India’s rupee plunged to a record on concern the U.S. will pare stimulus as early as next month, intensifying outflows and leaving the currency vulnerable to a current-account deficit.
The rupee weakened 1.3 percent to 64.0450 per dollar in Mumbai, according to prices from local banks compiled by Bloomberg. It touched an all-time low of 64.55 earlier. The currency’s slump caused the benchmark stock index to erase gains of as much as 1.8 percent. The Sensex dropped 1.9 percent to 17,905.91, the lowest close since Sept. 11. Benchmark 10-year bonds rallied, pushing the yield down by the most in four years.
The Federal Open Market Committee publishes minutes of its July meeting today, with 65 percent of economists surveyed by Bloomberg News predicting the Fed will taper bond purchases in September. The rupee had briefly strengthened 0.2 percent earlier after India’s central bank said late yesterday it will start buying government debt to pump funds into markets and consider reducing weekly sales of cash-management bills to rein in a surge in bond yields that threatened the economy.
“We remain bearish on the rupee on concerns of lower growth, Fed-tapering fears and weakening sentiment given general elections next year,” Amit Agrawal, an analyst at Societe Generale SA in Bangalore, wrote in a research report today. The bank predicts the currency will fall to 66.25 per dollar by the end of this year.
Global funds have cut holdings of Indian debt by $10 billion since May 22, when Fed Chairman Ben S. Bernanke first flagged the potential tapering. The shortfall in India’s current-account widened to a record 4.8 percent of gross domestic product in the year ended March 31.
The rupee’s slump also pared today’s bond rally. The yield on the benchmark 10-year bond ended at 8.42 percent after falling as low as 8.30 percent.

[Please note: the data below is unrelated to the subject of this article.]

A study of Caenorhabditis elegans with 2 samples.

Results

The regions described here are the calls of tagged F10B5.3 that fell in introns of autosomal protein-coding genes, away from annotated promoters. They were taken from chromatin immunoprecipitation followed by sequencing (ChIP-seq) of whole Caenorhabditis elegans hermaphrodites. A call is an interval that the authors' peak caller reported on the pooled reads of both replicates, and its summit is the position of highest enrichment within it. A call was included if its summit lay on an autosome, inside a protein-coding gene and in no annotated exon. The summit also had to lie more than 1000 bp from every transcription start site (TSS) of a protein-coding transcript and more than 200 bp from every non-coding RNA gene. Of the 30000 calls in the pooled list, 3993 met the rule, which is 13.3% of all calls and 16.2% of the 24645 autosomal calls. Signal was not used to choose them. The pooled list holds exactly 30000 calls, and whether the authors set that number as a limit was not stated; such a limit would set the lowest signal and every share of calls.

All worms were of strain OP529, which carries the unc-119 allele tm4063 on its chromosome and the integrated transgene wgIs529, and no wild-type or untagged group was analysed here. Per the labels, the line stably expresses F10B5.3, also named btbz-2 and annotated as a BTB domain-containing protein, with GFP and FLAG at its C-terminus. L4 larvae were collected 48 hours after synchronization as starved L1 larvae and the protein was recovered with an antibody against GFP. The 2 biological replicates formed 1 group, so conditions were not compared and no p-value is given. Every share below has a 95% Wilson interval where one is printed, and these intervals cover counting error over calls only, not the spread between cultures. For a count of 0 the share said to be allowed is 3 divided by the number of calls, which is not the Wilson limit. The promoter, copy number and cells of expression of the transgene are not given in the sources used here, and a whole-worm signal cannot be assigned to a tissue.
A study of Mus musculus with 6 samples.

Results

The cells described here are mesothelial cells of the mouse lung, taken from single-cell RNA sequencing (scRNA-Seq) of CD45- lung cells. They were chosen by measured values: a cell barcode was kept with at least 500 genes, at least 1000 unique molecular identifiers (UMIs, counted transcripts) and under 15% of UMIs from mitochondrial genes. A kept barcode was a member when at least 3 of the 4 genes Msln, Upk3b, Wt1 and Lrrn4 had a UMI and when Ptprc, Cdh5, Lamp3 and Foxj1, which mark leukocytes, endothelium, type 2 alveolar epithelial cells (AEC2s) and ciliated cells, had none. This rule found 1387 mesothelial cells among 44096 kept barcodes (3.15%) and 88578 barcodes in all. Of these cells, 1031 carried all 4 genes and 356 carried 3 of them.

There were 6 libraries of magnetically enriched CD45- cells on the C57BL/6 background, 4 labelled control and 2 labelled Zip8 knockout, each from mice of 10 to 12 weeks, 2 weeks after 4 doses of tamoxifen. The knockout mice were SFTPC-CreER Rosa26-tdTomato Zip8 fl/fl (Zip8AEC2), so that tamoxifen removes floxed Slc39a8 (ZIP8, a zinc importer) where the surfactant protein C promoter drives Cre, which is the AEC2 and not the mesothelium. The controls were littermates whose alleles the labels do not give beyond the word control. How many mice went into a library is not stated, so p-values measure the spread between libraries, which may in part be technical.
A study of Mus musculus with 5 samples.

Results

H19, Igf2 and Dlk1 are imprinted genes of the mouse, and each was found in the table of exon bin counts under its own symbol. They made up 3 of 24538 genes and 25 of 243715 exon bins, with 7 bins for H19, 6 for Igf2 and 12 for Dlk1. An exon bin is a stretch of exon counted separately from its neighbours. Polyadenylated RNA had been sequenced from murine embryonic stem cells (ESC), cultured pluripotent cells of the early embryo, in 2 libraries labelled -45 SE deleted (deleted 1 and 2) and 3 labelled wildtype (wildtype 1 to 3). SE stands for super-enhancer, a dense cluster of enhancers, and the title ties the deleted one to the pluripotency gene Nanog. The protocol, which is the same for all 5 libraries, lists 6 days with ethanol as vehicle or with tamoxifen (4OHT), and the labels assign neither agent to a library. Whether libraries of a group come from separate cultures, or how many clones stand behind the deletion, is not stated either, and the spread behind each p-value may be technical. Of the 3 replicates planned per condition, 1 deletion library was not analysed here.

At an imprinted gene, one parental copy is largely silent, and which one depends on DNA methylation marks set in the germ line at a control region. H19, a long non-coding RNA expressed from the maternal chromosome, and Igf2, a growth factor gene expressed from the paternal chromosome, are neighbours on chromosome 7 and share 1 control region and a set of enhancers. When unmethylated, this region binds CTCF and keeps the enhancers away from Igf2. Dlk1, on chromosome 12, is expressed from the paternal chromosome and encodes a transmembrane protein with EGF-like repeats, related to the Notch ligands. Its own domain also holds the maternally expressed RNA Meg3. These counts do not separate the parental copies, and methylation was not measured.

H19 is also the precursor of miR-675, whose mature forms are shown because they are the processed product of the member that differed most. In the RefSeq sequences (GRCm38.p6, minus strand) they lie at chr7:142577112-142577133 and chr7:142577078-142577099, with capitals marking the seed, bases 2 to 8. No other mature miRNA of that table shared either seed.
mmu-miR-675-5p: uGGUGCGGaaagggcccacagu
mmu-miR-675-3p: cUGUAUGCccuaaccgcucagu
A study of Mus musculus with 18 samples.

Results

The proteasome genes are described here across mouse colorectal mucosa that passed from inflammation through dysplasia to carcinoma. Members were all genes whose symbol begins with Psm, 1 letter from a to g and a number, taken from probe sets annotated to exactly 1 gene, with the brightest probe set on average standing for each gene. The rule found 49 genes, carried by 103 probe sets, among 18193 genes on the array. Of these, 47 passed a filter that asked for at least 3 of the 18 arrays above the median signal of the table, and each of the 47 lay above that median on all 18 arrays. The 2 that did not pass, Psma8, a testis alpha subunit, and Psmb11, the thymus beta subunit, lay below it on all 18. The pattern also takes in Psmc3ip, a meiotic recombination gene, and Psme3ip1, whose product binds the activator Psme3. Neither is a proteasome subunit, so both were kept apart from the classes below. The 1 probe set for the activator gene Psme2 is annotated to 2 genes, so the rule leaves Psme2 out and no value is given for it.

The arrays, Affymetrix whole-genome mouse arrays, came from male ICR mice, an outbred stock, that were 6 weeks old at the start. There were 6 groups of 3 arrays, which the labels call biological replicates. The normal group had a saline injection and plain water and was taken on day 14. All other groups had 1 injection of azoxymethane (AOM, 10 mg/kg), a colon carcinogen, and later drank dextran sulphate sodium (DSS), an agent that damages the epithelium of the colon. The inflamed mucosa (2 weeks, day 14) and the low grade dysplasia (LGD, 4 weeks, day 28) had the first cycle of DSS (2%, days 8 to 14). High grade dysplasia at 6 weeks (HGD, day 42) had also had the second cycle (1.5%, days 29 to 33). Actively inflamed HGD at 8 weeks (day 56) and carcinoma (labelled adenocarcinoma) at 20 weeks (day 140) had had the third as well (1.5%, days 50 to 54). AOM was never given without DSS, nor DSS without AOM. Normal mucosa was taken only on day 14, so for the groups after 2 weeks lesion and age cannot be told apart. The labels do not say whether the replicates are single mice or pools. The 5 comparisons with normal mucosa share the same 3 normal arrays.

One-month implied volatility in the rupee, a measure of expected moves in the exchange rate used to price options, rose 65 basis points, or 0.65 percentage point, to 15.59 percent.
The RBI will buy 80 billion rupees ($1.2 billion) of bonds through open-market operations on Aug. 23 and “thereafter calibrate them both in terms of quantum and frequency” based on market conditions, it said in a statement yesterday. Sales of cash-management bills will be calibrated going forward, “including scaling it down as may be necessary,” the monetary authority said.
Last month, the RBI increased both the marginal standing facility rate and the bank rate by 200 basis points to 10.25 percent. It tightened banks’ daily cash-reserve requirements and drained money through securities offerings. The central bank also cut its growth forecast for the year through March 2014 to 5.5 percent from 5.7 percent.
Three-month onshore rupee forwards fell 1.1 percent to 65.85 per dollar, data compiled by Bloomberg show. Offshore non-deliverable contracts dropped 1.4 percent to 66.24. Forwards are agreements to buy or sell assets at a set price and date. Non-deliverable contracts are settled in dollars.